Every parent wants to keep their children safe from the many dangers of the world, including substance abuse. One of the best ways to protect your child from going down the path of addiction is to have open and honest discussions about drugs.
The Substance Abuse and Mental Health Services Administration (SAMHSA) says parents should talk with their children about drugs for the following reasons:
- Parents have a significant influence on their children’s decisions to experiment with drugs.
- Talking with children early and often makes it more likely that they will respect your rules and wishes when it comes to drug use.
- Starting early will ensure you don’t miss the opportunity to talk with your kids before they start experimenting with drugs.
- The older kids get, the more likely they are to try drugs.
- Deciding not to talk to your kids about drugs sends the message that you don’t care if they try drugs.
A subject like drugs can be difficult, but Drs. Caitlin Armijo and Shawn S. Sidhu with the University of New Mexico have provided these seven tips for parents about how to discuss this crucial topic with kids.
1. Do your research
You don’t have to be an expert on drugs to talk about them, but you also don’t want to go in completely unprepared. Visit some reputable sites and get some information about what kind of drugs are out there and what they are capable of doing. Spend some time preparing for questions from your child and to potentially counter any misinformation they’ve received about drugs.
2. Start the conversation – HairConfirm® Hair Drug Test
A child isn’t likely to be the one to broach the subject of drugs, so it will be up to you to pick a time and make sure both you and your child are comfortable. Many teens use drugs to self-medicate because of various problems they are having, so talk about how they are doing emotionally, too.
The best-case scenario is to make drugs a natural topic to talk about so you can do it multiple times. The more comfortable you can make the conversation, the easier it will be to get insights into your child’s thoughts about them and their experiences with these substances.
The key to these conversations is that everyone involved gets a chance to speak while the others listen. Your child will have opinions about drugs and may even have some personal anecdotes to share about them. Be supportive and encourage them to share what they have to say without being confrontational or judgemental.
4. Be mindful of media
Movies and other media often glorify drug use, so you should talk to your child about what they see in the media. If they are also heavy social media users, they probably also see drug use by their friends and/or celebrities on those platforms. You can use movies, etc. as a jumping-off point for talking about how they view drugs and what they think when they see drug use portrayed as being fun.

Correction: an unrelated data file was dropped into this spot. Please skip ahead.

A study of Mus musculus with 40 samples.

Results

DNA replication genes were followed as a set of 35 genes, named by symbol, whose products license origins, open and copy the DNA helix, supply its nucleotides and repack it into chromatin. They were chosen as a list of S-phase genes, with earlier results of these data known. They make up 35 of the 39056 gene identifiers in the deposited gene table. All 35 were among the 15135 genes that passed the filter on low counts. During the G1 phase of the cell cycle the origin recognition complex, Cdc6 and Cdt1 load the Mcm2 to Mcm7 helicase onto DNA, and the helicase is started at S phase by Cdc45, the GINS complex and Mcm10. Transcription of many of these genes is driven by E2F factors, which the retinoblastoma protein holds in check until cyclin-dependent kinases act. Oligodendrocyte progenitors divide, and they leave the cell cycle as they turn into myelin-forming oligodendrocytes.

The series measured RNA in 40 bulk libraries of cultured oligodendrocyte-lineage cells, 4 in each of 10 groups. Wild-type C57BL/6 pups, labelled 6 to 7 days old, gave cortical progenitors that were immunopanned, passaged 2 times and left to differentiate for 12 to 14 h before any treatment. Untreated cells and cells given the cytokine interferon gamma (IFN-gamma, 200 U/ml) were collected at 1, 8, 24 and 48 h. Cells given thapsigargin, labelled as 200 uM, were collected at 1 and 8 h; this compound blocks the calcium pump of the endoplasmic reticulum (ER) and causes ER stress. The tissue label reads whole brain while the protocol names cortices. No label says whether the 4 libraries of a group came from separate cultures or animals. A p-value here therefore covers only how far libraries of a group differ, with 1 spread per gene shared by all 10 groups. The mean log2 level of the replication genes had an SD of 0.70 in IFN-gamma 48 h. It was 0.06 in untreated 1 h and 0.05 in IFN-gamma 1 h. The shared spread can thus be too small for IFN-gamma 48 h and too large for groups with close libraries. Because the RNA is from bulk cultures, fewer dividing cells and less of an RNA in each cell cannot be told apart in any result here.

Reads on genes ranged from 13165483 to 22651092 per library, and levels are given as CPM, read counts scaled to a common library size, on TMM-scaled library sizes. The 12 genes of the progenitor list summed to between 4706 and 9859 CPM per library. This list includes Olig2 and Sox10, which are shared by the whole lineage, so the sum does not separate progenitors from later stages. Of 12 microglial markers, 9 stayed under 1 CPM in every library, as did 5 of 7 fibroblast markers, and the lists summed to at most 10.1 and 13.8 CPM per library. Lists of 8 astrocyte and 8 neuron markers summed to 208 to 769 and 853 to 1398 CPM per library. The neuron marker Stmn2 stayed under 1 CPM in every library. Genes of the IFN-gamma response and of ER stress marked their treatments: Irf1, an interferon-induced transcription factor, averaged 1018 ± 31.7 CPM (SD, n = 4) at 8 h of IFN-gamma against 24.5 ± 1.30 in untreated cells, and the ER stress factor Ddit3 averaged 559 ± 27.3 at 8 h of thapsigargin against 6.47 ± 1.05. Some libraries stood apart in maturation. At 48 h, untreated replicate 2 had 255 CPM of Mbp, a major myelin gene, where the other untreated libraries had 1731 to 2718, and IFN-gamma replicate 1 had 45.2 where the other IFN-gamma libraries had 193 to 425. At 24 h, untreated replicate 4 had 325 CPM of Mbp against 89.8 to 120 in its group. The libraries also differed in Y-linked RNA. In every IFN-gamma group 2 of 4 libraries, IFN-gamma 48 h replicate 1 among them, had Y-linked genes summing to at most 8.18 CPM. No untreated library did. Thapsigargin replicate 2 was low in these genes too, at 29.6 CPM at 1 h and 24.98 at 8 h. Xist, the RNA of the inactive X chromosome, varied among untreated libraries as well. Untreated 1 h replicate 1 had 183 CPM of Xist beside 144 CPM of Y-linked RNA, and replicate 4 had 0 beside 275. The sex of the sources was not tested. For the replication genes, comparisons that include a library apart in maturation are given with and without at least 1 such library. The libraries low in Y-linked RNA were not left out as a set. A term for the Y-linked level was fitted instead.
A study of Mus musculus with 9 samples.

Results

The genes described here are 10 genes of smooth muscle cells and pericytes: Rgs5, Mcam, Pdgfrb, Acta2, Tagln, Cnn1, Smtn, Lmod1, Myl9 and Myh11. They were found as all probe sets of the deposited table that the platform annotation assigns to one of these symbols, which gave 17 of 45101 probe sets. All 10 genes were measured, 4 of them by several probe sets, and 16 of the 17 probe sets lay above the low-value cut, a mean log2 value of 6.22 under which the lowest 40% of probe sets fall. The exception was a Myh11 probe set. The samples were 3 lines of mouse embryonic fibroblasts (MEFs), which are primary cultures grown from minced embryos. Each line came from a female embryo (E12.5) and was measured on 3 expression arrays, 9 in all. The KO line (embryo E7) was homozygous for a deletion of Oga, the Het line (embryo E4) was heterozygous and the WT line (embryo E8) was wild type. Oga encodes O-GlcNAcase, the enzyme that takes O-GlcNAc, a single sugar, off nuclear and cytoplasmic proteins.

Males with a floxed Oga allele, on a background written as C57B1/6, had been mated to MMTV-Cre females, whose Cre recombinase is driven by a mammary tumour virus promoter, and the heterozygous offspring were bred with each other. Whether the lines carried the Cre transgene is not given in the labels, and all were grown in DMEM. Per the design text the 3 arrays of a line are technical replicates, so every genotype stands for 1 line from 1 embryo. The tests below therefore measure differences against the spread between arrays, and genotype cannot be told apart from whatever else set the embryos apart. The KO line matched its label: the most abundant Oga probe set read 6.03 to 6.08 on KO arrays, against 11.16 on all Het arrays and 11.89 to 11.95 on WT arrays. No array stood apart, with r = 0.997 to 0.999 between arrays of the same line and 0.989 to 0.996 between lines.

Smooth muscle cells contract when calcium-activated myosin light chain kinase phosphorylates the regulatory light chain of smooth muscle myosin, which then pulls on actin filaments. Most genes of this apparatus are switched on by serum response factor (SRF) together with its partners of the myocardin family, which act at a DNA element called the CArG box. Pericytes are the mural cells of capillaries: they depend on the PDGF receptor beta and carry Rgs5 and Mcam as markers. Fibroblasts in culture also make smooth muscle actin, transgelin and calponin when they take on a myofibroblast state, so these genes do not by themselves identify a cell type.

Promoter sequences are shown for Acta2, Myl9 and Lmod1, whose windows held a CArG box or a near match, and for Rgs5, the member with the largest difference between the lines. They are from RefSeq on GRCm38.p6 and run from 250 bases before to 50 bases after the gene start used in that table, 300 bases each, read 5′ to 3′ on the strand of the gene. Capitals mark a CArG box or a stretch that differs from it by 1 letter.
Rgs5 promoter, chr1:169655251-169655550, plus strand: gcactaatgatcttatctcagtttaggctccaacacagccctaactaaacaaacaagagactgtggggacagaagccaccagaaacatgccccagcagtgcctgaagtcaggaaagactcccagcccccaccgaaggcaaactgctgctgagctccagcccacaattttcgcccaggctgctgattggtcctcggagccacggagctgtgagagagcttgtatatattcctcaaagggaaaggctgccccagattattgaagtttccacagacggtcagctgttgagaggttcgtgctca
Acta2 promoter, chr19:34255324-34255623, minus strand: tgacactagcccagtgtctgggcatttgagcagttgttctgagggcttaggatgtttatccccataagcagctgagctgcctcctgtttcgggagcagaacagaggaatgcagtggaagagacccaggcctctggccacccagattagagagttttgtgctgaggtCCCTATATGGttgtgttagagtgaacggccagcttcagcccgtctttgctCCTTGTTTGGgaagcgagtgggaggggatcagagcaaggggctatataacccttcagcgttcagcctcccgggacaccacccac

5. Be aware of the change
Your child’s opinions can change over time. They might tell you at 12 years old that they have no interest in trying drugs, but by the age of 15 that could change. Children and adolescents are also affected by changes in their lives, like moving to a new school, hanging out with new friends or having their family dynamic change via divorce or some other means. Any situation where things become different in your child’s life could cause them to reassess how they view drugs.
6. Be curious
Continue the conversation even if your teen tells you that they are not interested in drugs at all. Tell them you are glad they’ve chosen not to do drugs and then try some of these questions suggested by Drs. Armijo and Sidhu:
- I’m curious to know why you’ve chosen to avoid drugs?
- When your friends are using drugs or getting high, how do you feel?
- What drugs do you consider dangerous?
- What do think of when you hear the term “drug abuse”?
- In the future, as you grow older, how do you think things will change?
7. Seek support if you need it
If you are unsure about talking to your child, you can reach out for assistance from physicians, therapists, counsellors and other professionals. If your child has admitted to using drugs once or twice already, you may want to consider making an appointment with a drug counsellor or doctor.
For more serious drug issues, you may want to consult mental health experts (if your child seems to be self-medicating to deal with their emotions) or looking into rehab or residential drug addiction treatment. You may also want to consider implementing drug testing with them. Hair drug testing can give you a comprehensive three-month history of drug use and the sample collection can be done at home.
Talking to your children about drugs is never easy, but it need not be a huge ordeal, either. By using these professionally recommended guidelines, you can have a meaningful conversation with your kids and help keep them away from drugs.